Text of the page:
The vivo V5 Plus is fitted with a 5.5-inch FullHD IPS display. Pixel density is 401ppi, so it's plenty sharp and our microscope shot revealed, quite expectedly, a standard RGB arrangement with equal number of subpixels for each primary color.
The V5 Plus posted good numbers for maximum brightness, allowing it to beat LCD-equipped competitors Redmi Note 4 and Huawei nova plus, but falling short of the Zenfone 3's scores. As for AMOLEDs both the Moto Z Play and Galaxy C7 can crank up the brightness even higher than the V5 Plus, when you put them in auto mode. The Oppo R9s is dimmer than its vivo cousin, and so is the OnePlus 3T, and neither gets a boost in auto.
The well contained blacks on the vivo V5 Plus result in a very good contrast ratio that the Zenfone 3 matches, but the Redmi Note 4 can't. AMOLEDs are all superior in this respect, by definition.
Sunlight legibility is not great either. It's on par with the nova plus, and better than the Redmi Note 4, but the Zenfone 3 is superior in this respect and so are all the AMOLEDs.
The V5 Plus is a dual SIM device and it accepts nano SIMs only. Only one card at a time can tap into a 4G network, but the other one can meanwhile be on 3G too - it's not limited to just 2G connectivity. Alternatively, you can have both cards connected to a 3G network.
Vivo itself doesn't detail what category LTE the phone supports, but Qualcomm's specs page for the Snapdragon 625 says Cat.7 downlink (300Mbps theoretical maximum) and Cat.13 uplink (150Mbps).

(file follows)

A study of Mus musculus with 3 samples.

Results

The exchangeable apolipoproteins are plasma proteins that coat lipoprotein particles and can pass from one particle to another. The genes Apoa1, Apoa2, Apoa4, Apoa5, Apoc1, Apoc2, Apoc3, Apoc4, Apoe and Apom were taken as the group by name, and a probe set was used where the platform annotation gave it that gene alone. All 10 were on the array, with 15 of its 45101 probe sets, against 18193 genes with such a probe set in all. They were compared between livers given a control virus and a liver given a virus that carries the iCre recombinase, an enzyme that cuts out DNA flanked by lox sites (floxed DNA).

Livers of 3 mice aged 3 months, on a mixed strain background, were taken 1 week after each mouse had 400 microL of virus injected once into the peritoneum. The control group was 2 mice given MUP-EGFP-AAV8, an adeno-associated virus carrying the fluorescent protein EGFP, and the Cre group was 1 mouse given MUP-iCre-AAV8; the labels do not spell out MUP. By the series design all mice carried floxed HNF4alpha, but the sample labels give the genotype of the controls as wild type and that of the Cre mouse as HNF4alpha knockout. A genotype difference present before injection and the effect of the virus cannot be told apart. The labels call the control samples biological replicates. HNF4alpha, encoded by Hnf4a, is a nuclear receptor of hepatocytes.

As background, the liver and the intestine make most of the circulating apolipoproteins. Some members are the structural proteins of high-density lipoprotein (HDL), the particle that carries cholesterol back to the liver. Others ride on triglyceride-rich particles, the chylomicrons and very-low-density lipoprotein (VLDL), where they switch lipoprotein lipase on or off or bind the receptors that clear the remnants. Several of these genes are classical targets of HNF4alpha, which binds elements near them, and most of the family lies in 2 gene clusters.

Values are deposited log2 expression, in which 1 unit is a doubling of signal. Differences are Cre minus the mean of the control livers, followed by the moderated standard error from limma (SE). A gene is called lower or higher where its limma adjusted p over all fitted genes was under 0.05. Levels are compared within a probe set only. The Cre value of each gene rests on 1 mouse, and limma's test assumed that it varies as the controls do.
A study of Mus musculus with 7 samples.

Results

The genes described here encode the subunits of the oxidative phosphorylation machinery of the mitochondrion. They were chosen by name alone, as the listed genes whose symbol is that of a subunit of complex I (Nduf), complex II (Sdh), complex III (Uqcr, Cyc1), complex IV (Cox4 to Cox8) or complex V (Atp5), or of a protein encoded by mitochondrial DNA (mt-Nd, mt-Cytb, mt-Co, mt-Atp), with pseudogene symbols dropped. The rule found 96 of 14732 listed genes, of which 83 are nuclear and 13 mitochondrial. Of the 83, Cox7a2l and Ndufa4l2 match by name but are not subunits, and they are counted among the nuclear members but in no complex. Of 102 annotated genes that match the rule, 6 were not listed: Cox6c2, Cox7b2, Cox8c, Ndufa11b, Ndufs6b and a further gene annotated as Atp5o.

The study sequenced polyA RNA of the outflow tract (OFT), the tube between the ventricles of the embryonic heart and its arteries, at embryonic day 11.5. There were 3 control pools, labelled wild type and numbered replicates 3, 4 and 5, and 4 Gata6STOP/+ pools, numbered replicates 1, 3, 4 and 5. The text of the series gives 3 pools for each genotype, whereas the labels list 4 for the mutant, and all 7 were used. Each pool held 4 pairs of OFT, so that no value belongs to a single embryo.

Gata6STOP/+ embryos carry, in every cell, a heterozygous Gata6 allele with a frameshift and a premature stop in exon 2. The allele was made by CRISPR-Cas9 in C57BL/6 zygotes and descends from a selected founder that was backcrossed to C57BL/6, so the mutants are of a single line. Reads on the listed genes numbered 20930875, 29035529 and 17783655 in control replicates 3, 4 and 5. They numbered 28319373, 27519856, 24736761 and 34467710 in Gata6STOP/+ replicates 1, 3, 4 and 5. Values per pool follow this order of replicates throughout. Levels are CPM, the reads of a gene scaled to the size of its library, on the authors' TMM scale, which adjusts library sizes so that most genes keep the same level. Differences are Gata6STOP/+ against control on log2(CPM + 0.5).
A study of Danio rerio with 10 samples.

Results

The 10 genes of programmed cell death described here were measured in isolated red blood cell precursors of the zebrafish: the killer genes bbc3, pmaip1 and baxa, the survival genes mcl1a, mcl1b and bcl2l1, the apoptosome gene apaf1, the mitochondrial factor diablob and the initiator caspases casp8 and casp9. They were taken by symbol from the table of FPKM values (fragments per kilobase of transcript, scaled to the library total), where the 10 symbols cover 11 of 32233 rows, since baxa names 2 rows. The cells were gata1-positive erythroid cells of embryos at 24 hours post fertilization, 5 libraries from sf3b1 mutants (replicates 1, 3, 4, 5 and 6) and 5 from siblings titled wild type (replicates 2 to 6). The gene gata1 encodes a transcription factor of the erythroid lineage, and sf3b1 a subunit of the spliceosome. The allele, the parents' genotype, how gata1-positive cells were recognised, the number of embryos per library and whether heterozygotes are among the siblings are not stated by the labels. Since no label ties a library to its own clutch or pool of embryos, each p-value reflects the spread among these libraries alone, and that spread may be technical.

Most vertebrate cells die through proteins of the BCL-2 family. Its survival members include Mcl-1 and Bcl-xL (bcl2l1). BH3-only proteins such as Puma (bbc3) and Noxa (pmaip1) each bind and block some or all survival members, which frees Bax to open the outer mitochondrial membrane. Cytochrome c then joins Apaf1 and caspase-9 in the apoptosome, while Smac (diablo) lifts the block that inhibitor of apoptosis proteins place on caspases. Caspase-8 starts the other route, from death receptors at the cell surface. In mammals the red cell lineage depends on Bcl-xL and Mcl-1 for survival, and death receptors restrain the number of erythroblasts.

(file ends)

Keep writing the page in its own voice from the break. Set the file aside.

There is dual-band Wi-Fi a/b/g/n/ac with Wi-Fi direct and hotspot support, Bluetooth 4.0, and GPS, GLONAS and BDS for positioning. An FM radio is missing, sadly, and so is NFC.
A microUSB 2.0 port is used for charging and attaching peripherals (OTG needs to be enabled in settings), and there's a good old 3.5mm headphone jack.
The battery inside the vivo V5 Plus packs 3,160mAh worth of juice. The Redmi Note 4 has almost 1,000mAh more, while the Zenfone 3 we mentioned only makes do with 3,000mAh. The OnePlus 3T's cell is rated at 3,400mAh, but there's a more power-hungry chipset to feed there. The Moto Z Play, on the other hand, has the same Snapdragon 625 as the V5 Plus and 350mAh higher battery capacity.
A whole day plus a couple of hours of voice calls on a 3G network should be more than enough for even the heaviest of talkers. The Zenfone 3 only does 16h, the Redmi Note 4 (the Mediatek version) manages a few minutes more than 21 hours, but then the OnePlus 3T outlasts the V5 Plus by over 5 hours in our testing.
In the Wi-Fi web browsing test the vivo handset conked out after eleven and a half hours - not bad at all, yet 2 hours short of the Redmi and 4 hours before the Moto Z Play. The Zenfone 3 calls it quits an hour and a half earlier than the V5 Plus, while the OnePlus 3T can't even make it to the 9-hour mark.
Video playback longevity isn't as great, though the 9+ hours aren't strictly a disappointment - more like an average number among very good ones. The Redmi Note 4 can do half an hour more, the Zenfone 3 will play for a full hour after the V5 Plus has died, and the AMOLED screen of the OnePlus 3T allows it to loop videos for thirteen and a half hours. AMOLED plus an even bigger battery equals eighteen and a half hours of video playback on the Moto Z Play - exactly twice as long as on the V5 Plus.
The individual tests add up to an overall endurance rating of 76 hours - 2 more than the Zenfone 3, 7 short of the Redmi Note 4 (Mediatek) and 24 less than the Moto Z Play.
The battery testing procedure is described in detail in case you're interested in the nitty-gritties. You can also check out our complete battery test table, where you can see how all of the smartphones we've tested will compare under your own typical use.